Going studying or going working?

Maybe the biggest choice you face as a school leaver is whether to go studying or to go working. In teacher-speak, do you want to take the academic path and look for a degree or other qualification, or do you want to start work and see where it takes you?

Academic qualifications mainly come from studying at universities or polytechnics. Of course, a growing number of work (or vocational) qualifications come from a combination of studying and working at the same time. Apprenticeships are a good example of this path. Both tracks can take you to very rewarding jobs, so the choice really comes down to which path works best for you.

It is not a simple decision, so here are some thoughts about the academic versus the vocational pathways that might help you if you are trying to decide which is best for you.

 Upsides of study

  • Earning a tertiary qualification is a great sign of achievement. They’re not easy to get, but having one is proof that you are able to learn, work hard and manage your time. These are things that every employer likes to see.
  • Many jobs will need you to have a degree to even be considered for the position. These jobs are frequently on the higher-paying side, and people who hold degrees also generally earn more over their lifetimes.
  • Studying can help you to develop important skills like great written communication, working to deadlines and the ability to think critically. Having these sorts of skills is a big advantage when you move into the workplace.
  • It’s an amazing environment for expanding your mind and growing as a person. The student life is rare and unique. Some people consider it a bit of a rite-of-passage into the rest of your life.
  • It’s possible your study will take you away from home, maybe to polytech in beautiful Northland or the chilly camaraderie of university in Dunedin, not to mention the opportunity for overseas study either as part of your degree or following it. Moving out and living somewhere new can be an amazing experience, and give you that feeling of starting to make your way out into the world.

 Downsides of study

  • Studying for a degree is really expensive. You’ll most likely need to get a student loan, which can put you tens of thousands of dollars in debt before you even get a chance to start your career.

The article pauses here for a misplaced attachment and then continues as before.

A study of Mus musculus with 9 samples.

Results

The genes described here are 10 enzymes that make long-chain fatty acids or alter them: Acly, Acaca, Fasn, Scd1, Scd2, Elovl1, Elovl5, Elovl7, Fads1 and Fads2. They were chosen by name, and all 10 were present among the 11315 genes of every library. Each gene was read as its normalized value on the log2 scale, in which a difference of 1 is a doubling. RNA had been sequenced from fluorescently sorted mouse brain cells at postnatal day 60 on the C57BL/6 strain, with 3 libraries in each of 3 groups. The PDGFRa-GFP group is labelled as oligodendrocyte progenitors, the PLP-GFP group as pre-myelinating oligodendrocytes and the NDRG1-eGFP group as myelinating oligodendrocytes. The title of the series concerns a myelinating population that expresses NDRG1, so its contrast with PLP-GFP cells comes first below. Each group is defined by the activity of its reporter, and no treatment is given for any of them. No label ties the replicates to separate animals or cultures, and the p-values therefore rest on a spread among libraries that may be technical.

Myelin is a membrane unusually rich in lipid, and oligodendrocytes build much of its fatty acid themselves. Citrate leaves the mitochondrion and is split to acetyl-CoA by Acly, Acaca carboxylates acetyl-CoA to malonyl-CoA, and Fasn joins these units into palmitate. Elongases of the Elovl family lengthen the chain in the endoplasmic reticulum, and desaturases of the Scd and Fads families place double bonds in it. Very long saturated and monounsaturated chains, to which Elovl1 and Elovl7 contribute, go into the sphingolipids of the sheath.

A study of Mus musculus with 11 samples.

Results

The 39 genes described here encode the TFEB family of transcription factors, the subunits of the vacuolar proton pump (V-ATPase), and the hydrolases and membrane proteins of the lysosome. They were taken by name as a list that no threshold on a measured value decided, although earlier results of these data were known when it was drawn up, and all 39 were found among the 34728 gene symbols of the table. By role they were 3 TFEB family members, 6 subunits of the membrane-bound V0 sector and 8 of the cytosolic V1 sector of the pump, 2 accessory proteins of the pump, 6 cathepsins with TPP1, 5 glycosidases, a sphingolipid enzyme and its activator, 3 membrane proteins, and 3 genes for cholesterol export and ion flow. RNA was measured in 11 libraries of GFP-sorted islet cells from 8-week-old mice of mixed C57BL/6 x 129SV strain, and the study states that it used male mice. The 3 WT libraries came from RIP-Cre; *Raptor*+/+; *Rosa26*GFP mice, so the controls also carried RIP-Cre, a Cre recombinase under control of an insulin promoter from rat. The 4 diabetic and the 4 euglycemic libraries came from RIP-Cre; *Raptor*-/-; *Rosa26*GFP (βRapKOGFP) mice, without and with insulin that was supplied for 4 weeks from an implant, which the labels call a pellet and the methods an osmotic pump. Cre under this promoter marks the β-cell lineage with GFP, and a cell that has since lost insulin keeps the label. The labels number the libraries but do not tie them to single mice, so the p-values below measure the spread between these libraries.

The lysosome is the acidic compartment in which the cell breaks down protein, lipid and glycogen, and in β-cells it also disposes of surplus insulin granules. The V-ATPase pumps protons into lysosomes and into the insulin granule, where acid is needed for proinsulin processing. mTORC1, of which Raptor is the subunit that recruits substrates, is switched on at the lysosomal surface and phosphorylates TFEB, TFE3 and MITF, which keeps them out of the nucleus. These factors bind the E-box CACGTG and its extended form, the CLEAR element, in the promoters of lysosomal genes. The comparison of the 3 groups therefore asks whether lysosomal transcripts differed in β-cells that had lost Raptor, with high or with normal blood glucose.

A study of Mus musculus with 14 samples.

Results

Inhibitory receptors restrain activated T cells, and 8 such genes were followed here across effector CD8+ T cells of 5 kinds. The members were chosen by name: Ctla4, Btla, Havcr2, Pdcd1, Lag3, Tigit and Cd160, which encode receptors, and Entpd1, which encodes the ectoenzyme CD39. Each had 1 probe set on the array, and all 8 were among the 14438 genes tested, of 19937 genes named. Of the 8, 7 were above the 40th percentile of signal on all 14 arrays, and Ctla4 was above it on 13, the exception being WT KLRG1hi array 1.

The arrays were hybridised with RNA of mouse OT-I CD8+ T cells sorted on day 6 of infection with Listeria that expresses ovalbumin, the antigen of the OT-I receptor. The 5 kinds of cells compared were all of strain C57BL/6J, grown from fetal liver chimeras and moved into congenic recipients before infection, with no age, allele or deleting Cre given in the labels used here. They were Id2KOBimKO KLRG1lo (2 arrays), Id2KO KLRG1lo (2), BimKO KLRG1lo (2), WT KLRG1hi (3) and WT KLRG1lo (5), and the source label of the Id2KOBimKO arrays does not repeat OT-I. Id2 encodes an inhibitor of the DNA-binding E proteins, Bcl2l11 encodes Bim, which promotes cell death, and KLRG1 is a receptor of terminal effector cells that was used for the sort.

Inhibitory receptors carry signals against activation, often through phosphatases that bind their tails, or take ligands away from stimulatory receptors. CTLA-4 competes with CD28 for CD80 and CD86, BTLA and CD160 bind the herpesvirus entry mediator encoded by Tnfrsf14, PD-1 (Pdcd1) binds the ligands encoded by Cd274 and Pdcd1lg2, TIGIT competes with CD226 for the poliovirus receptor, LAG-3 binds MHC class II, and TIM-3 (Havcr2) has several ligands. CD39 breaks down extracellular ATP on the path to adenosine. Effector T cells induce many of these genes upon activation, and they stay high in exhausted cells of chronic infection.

• On top of that, there are only a few degrees that can guarantee you a job straight after you finish. Degrees like Medicine and Engineering usually have good job prospects, but that’s part of the reason these are among the hardest and most competitive courses to do. Many degrees just take you to a new starting line.
  • With more and more people choosing to go for tertiary education after high school, the number of people with the same qualification as you will probably be quite high. This means more competition for the same jobs.
  • Academic courses, especially at university, don’t always teach you the practical skills that you need to know to work in a particular industry. You might even need extra training for some roles.

Upsides of working

  • Starting work straight out of school means that you’ll be earning money as soon as possible. You’ll be avoiding the huge amount of student loan debt that usually comes with full-time study, as well as having more spare cash in your pockets.
  • You can explore an ever-growing range of training options, making it easier to figure out what you’ll like and what you’ll be able to do well.
  • You’ll develop valuable working skills like teamwork and handling pressure. These will serve you well for your entire career.
  • Apprenticeships and pre-trade training teach you exactly what you’ll need to know to do your job right, and the chances of getting hired once you’re done are really high.
  • No more homework, assignments, tests or exams. Unlike students, your free time really will be free, without all of that extra stress that comes from assessment.

 Downsides of working

  • Starting a job or a trade right out of school can potentially limit some of your career options. In a few years you may find you have trained for a job you no longer like, but changing could mean re-training and starting at the bottom again.
  • You’re heading straight into the ‘real world’, with all the adult responsibility that comes with it. You won’t have the sometimes softer transition into the adult world that you get as a student.
  • While you’re not going to have tests or assignments like at school, in a lot of ways at work you will be tested every day. If you aren’t keeping up with your boss’ standards, you might find yourself out of a job altogether.
  • Unfortunately, one thing you’ll really miss is school holidays. While you’ll still get time off here and there, regular long holidays might not be something you’ll get anymore, unlike your student friends.